At Last, Donald Trump Surrenders At Georgia Jail

Former President of the United States of America (USA), Donald Trump has finally surrendered at Georgia, Atlanta Jail.

   He surrendered on Thursday on charges of plotting to overturn the state’s 2020 election results

Records posted on the jail’s website described Trump as a white male, 6ft 3in, and weighing 215lbs (97kg), with blond or strawberry hair and blue eyes. His inmate number was P01135809.

This was historic as the arrest of Trump saw the first ever mugshot of a former president of the United States.

Trump had to pay a bail bond of $200,000 (£160,000) to be released from the Atlanta jail while he awaits trial.

As reported by the BBC, the former US president afterwards described the case as “a travesty of justice”.

It was his fourth arrest in five months in a criminal case, but this was his first police booking photo.

Trump later posted on X, formerly known as Twitter, for the first time since January 2021.

He shared the address of his website and the mugshot with a caption: “Election interference. Never surrender!”

He joins the ranks of American public figures who have had arrest booking photos, including Elvis, Frank Sinatra, Al Capone and Dr Martin Luther King Jr.

Trump believed the cases against him are politically motivated because he is leading the Republican race to challenge President Joe Biden, a Democrat, in next year’s presidential election.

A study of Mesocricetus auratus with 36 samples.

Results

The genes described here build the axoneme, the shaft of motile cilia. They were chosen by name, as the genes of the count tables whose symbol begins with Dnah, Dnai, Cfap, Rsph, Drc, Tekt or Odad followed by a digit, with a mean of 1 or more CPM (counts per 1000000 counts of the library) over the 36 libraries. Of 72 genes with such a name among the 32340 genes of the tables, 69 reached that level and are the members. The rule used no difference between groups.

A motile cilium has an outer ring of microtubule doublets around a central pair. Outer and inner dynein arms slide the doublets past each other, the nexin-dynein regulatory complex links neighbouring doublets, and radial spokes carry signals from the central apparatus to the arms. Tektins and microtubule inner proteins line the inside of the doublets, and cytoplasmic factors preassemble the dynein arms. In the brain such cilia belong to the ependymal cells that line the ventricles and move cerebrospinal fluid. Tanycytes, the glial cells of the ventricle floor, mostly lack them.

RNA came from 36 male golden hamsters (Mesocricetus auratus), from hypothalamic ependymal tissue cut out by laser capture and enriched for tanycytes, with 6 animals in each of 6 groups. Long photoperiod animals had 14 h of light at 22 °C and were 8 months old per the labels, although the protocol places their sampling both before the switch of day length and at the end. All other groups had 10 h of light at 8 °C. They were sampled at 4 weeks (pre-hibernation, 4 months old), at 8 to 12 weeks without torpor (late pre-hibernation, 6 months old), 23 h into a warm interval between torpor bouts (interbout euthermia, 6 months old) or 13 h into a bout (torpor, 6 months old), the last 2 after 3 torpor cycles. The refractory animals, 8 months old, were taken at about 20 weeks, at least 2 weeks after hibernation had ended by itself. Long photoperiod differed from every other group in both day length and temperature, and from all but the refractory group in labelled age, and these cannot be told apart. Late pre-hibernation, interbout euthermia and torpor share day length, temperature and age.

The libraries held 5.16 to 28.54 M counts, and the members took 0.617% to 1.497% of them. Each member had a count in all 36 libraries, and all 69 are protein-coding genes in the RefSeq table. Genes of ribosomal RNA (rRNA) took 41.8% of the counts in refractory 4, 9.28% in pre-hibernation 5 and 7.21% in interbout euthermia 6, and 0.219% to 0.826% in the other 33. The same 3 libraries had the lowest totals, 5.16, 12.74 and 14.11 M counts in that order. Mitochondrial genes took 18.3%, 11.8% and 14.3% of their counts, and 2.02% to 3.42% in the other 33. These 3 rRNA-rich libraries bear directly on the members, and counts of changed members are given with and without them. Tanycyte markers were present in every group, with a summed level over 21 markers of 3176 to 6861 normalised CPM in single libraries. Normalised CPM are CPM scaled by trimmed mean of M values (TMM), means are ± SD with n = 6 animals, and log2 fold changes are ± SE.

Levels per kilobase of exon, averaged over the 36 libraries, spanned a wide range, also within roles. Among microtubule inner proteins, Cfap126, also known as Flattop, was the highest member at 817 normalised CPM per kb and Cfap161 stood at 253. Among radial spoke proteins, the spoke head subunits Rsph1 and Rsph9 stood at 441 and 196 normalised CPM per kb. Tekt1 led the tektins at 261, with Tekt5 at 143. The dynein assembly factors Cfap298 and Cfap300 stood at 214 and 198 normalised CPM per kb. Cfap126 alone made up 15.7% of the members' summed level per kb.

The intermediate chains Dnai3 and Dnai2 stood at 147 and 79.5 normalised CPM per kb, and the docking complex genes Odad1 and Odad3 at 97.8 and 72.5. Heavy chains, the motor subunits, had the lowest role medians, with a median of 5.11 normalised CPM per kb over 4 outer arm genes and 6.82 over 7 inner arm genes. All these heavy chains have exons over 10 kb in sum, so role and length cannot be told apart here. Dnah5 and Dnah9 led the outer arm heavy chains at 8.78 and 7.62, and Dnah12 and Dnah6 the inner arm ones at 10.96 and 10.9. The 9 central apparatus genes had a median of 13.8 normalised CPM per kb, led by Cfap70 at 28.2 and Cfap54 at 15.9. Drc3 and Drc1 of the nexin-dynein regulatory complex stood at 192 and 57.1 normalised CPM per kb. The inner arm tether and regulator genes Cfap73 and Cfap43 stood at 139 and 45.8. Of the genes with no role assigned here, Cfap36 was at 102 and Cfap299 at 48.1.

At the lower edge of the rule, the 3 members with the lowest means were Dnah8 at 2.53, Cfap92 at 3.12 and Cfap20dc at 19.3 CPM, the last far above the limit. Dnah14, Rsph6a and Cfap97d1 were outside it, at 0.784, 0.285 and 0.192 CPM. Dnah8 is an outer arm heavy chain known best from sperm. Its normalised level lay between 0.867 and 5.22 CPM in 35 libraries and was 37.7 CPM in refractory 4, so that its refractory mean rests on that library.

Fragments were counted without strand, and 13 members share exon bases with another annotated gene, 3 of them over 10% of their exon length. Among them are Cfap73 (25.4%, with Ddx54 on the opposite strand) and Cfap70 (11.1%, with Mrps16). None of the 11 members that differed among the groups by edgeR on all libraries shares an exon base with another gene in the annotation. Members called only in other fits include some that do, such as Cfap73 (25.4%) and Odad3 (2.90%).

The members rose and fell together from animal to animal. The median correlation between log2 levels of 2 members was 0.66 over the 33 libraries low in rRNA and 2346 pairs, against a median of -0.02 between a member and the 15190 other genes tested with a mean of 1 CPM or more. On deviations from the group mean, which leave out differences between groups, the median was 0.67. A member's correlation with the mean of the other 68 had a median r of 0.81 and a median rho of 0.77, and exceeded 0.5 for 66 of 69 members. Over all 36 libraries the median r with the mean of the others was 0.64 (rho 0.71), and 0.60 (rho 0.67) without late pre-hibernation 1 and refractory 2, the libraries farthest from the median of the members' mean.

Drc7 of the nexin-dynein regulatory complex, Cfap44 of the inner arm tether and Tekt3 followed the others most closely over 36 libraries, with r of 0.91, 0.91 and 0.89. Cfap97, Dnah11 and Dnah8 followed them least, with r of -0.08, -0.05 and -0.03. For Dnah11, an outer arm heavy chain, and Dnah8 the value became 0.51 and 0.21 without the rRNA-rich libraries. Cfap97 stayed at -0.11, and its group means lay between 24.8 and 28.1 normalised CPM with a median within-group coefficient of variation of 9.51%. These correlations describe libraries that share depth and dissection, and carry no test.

The first former or serving US president ever to be indicted, Trump made the round trip from New Jersey on his private jet on Thursday afternoon.

Trump was whisked to Fulton County Jail by a more substantial motorcade than he has used for previous court appearances this year.

Before heading home he told reporters at the airport that he was entitled to challenge the result of a vote.

Donald Trump’s Mugshot

“I thought the election was a rigged election, a stolen election,” said Donald Trump, who often makes unfounded claims of widespread ballot fraud in 2020. “And I should have every right to do that.

“As you know, you have many people that you’ve been watching over the years do the same thing, whether it’s Hillary Clinton or [former candidate for Georgia governor] Stacey Abrams, or many others.”

Trump was charged last week alongside 18 co-defendants with meddling in Georgia’s election results following his loss to Mr Biden by fewer than 12,000 votes in that state.

The former president was heard in a phone call pressuring Georgia’s top election official to “find 11,780 votes” during the ballot count.

Among the 13 charges Trump faces are racketeering, soliciting a public official to violate his oath of office, conspiracy to impersonate a public officer, conspiracy to commit forgery and making false statements.

He denied all the counts against him.

Half of his co-accused have already been booked at Fulton County Jail in recent days ahead of Friday’s deadline.

They include former New York Mayor Rudy Giuliani and former White House Chief of Staff Mark Meadows.

A Georgia judge granted a speedy trial request to another co-defendant, attorney Kenneth Chesebro. His case is now due to begin on 23 October.

Just hours before turning himself in, Mr Trump replaced his leading defence lawyer, Drew Findling, with veteran Atlanta criminal defence attorney, Steven Sadow.

One of the conditions of Mr Trump’s bail release is that he refrain from any comments, on social media or otherwise, that are intended to “intimidate” witnesses or co-defendants.

He is also not allowed to have any communication with the other co-defendants, except through his lawyers.

Before arriving in Georgia, Mr Trump continued to criticise the prosecutor bringing the charges, Fulton County District Attorney Fani Willis, a Democrat. He accused him of trying to sabotage his White House campaign.

Posting on his Truth Social platform, he blamed Ms Willis for murder and violent crime in Atlanta, writing that “people are afraid to go outside to buy a loaf of bread”.